Virtual storage schemes are becoming as varied as their physical counterparts, as the industry struggles to bring the benefits of consolidation and increased utilization to the data farm.
The sheer number of storage options centered on the VMware platform alone gives you some idea of the myriad choices IT managers face. This article at Enterprise Storage Forum delves into the multiple approaches taken by LeftHand Networks, EMC, IBM and others looking to leverage the Virtual Tape Library (VTL) and Virtual Consolidated Backup (VCB) tools on the VMware ESX Server.
Other vendors are heading out in new directions. Startup Parascale has developed the Virtual Storage Network (VSN), using Linux servers to form "file grids" in which a single storage node can control multiple nodes to provide petabytes' worth of virtual storage capacity. The company pitches it as a low-cost, more reliable approach than clustered NAS solutions.
If you're looking to build virtual storage from the ground up, you might want to check out the virtual version of Hitachi's Universal Storage Platform. The system can virtualize and thin-provision storage from any vendor, and the Universal Volume Manager can support up to 96 petabytes of virtualized storage.
Meanwhile, DataCore is looking to pull the industry away from fixed, single-purpose hardware toward a more flexible, software-based infrastructure. It's doing that by placing its SANmelody and SANsymphony systems directly onto the virtual machine created under VMware, XenSource, Microsoft and Virtual Iron. The company says this opens up new possibilities for consolidation and collaboration with virtual environments because they're not tied down by the complex mapping systems and other physical limitations of the hardware.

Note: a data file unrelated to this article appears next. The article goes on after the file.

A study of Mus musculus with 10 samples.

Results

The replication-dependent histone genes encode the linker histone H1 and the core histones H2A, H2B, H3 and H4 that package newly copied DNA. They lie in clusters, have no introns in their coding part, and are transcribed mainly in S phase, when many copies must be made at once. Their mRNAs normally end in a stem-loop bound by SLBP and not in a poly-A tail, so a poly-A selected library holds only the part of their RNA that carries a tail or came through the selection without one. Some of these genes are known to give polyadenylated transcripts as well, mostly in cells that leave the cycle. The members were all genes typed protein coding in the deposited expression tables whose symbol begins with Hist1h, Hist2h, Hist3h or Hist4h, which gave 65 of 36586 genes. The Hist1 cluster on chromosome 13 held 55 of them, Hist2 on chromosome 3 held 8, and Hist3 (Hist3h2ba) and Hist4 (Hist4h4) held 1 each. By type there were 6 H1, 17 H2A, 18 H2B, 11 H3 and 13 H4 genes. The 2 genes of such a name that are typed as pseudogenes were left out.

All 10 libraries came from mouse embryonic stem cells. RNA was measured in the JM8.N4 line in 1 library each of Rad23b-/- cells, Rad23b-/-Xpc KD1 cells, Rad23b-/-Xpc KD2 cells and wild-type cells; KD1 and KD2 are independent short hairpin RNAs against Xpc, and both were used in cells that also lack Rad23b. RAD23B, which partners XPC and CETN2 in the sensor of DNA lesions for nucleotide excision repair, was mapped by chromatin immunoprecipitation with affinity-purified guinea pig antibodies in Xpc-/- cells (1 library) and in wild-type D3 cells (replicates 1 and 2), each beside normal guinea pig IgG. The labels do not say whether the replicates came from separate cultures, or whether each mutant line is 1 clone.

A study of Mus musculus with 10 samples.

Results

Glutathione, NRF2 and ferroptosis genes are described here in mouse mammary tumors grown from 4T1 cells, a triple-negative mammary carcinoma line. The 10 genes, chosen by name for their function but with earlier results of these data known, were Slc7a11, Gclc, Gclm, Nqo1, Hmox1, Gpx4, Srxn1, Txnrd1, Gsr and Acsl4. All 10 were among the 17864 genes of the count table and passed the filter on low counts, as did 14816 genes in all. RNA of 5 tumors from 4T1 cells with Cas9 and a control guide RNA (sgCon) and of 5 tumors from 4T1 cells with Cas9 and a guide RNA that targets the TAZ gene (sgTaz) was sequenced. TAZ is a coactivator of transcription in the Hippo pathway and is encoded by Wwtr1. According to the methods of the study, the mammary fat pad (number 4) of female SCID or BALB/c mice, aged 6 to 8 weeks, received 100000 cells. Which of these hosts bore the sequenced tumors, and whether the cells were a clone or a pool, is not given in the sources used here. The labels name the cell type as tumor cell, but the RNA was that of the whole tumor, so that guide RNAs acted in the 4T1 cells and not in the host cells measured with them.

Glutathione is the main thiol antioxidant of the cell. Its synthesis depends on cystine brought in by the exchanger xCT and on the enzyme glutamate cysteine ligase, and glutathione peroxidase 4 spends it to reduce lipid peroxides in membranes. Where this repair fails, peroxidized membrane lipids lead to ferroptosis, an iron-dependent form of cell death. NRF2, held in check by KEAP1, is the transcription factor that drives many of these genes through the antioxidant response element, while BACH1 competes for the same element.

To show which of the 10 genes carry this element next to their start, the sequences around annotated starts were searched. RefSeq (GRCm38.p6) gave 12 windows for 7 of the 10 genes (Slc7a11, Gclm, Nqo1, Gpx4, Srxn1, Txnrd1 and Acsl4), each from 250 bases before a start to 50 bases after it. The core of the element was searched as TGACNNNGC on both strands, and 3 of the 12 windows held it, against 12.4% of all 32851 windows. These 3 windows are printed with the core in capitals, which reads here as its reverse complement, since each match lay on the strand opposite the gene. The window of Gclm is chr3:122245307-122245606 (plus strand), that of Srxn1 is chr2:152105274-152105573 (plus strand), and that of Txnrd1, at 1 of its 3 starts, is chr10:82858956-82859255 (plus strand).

Of course, all virtualization systems have to deal with hardware at one point or another, and that's where the virtual server/storage conundrum comes into play. With processing speed increasing at a much faster rate than storage and I/O capabilities, the server side of the house will always promise greater performance than the rest of the network can cope with. Maybe virtualization will help even the score, but unless there are significant gains in physical storage and I/O devices, there's only so much it can do.